You may also like

problem icon

Polycircles

Show that for any triangle it is always possible to construct 3 touching circles with centres at the vertices. Is it possible to construct touching circles centred at the vertices of any polygon?

problem icon

DOTS Division

Take any pair of two digit numbers x=ab and y=cd where, without loss of generality, ab > cd . Form two 4 digit numbers r=abcd and s=cdab and calculate: {r^2 - s^2} /{x^2 - y^2}.

problem icon

Loopy

Investigate sequences given by $a_n = \frac{1+a_{n-1}}{a_{n-2}}$ for different choices of the first two terms. Make a conjecture about the behaviour of these sequences. Can you prove your conjecture?

A Little Light Thinking

Age 14 to 16 Challenge Level:


Why do this problem?

In this problem, students are presented with a mystery to be solved (what are the rules which govern the lights, and can all the lights be switched on at once?).

To satisfy their curiosity and explain the mystery, they will need to go in search of the information they require, and work in a systematic way in order to make sense of the results they gather.

The questions encourage students to think about the properties of numbers, including divisibility and remainders. It may help students gain a deeper understanding of linear sequences (and perhaps quadratic sequences, if they explore Level 2 and 3). 

Possible approach


This printable worksheet may be useful: LightThinking.pdf 

This problem follows on from Charlie's Delightful Machine, so we assume students have a strategy for determining the rules to switch individual Level 1 lights on.

Here are some questions you may wish to ask, to prepare students for what comes next:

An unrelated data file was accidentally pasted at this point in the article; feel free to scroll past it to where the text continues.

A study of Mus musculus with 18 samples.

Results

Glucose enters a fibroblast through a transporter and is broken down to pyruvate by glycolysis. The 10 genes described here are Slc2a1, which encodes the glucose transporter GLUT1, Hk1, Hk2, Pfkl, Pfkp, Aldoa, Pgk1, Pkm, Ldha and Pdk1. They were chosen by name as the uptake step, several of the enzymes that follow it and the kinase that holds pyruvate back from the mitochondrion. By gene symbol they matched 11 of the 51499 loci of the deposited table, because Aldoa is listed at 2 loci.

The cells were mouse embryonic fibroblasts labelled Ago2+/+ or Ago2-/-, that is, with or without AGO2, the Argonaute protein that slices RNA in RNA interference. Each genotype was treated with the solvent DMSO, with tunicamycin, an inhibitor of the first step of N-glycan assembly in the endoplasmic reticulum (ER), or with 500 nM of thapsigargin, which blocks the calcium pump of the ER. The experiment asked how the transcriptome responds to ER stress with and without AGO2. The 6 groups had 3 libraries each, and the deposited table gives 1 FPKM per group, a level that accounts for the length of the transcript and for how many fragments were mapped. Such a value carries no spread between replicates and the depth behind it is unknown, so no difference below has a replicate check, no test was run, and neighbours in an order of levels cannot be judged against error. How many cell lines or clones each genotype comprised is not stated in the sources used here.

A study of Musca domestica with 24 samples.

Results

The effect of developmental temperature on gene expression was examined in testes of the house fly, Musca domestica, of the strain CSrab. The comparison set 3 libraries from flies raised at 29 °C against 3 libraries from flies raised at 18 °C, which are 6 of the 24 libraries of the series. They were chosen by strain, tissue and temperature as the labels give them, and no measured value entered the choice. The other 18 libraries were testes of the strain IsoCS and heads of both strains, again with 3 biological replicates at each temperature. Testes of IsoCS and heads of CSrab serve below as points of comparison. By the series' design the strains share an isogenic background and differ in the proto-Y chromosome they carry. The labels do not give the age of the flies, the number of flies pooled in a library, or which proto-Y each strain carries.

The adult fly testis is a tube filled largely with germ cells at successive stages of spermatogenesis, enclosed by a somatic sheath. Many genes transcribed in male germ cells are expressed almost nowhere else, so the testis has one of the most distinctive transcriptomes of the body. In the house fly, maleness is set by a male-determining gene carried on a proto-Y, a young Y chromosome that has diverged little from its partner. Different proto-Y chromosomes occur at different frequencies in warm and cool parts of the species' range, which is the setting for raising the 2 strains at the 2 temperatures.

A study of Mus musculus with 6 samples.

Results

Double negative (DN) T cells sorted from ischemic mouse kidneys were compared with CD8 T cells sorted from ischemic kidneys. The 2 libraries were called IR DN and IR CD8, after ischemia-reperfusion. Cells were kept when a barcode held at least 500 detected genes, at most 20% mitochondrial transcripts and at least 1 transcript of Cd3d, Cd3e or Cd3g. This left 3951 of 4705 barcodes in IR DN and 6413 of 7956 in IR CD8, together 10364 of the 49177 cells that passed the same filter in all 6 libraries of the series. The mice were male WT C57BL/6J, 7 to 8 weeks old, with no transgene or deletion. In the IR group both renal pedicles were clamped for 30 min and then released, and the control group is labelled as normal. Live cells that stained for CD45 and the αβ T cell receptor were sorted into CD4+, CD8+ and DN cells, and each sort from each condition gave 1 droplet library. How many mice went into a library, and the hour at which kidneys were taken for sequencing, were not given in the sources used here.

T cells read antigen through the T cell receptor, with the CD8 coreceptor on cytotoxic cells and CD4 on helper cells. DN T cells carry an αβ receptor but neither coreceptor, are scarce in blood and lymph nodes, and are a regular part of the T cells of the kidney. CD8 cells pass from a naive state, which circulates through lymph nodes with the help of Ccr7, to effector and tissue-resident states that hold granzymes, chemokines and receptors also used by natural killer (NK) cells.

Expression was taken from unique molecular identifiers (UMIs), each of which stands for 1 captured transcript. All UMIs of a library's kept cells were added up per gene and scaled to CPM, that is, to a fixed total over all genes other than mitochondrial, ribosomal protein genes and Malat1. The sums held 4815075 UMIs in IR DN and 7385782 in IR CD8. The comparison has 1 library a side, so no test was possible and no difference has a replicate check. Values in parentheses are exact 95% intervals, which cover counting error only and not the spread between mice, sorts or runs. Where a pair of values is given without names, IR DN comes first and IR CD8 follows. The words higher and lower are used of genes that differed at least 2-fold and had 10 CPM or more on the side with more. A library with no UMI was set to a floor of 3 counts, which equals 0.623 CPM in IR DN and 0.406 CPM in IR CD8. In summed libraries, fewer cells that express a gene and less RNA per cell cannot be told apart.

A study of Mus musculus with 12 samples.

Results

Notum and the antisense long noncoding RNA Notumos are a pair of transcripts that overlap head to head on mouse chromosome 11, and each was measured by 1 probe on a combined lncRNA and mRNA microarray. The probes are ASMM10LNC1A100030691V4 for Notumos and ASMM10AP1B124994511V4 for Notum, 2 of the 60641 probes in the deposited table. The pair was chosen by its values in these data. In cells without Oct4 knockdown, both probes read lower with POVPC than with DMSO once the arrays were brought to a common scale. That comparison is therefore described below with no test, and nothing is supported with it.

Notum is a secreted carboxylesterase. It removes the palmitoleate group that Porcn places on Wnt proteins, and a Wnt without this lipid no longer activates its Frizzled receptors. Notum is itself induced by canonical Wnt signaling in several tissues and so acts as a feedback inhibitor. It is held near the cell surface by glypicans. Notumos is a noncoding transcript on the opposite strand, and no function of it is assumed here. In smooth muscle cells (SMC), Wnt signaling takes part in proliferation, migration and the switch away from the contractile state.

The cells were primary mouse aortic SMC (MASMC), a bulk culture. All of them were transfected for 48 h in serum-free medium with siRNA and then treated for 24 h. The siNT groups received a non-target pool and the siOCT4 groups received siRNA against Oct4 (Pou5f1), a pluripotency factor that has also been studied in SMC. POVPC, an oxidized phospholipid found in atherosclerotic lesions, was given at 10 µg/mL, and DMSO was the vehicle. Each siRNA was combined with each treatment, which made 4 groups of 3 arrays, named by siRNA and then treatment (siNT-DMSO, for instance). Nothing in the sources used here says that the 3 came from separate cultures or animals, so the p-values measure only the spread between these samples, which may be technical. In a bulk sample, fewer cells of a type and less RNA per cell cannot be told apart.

What is special about a Level 1 rule where all the 'light on' numbers
  • are odd?
  • are even?
  • are a mixture of odd and even?
  • are all multiples of 3? Or 4? Or...
  • have a last digit of 7?

"Did anyone find examples where two or more (level 1) lights switched on simultaneously?"
"Our challenge now is to determine how to turn on two (level 1) lights (or more) simultaneously, if we know the rules for each individual light."

If computers are available, students could work in pairs determining the rules for individual lights, then finding the rule for switching on pairs of lights simultaneously. Remind them of the importance of recording their findings to share with the class.

If computers are not available, students could explore pairs of linear sequences, searching for examples where two sequences have numbers in common.
 
One way they could record their work is by creating a table with sequence rules along the top and down the side, and indicating with a tick or a cross in each cell whether both lights could light up simultaneously. When appropriate, they could also indicate numbers which successfully switch on both lights.

Remind the class that the task is not simply to find examples, but to find a way of determining, by just looking at the sequence rules, whether or not a pair of lights will ever light up simultaneously.

When trying to produce convincing arguments, ideas from the problem Stars might be useful.

Leave some time for the class to come together to share examples of rules where more than one light could be switched on simultaneously, and examples where it was impossible, together with their reasoning.

Key questions

What is true about any pair of rules where it is not possible to light up both lights?

If two sequences are described by the rules $an+b$ and $cn+d$, can you explain the conditions for determining whether the lights will ever switch on together?

Possible extension

Some students may wish to use ideas of modular arithmetic to prove their findings; reading this article first may help.

Possible support

The problem Shifting Times Tables offers an introductory challenge for exploring linear sequences.

The problem Remainders explores some properties of numbers which could be useful when thinking about this problem.

Students could use a 100 square as a visual way to record sequences and see where (if) they coincide.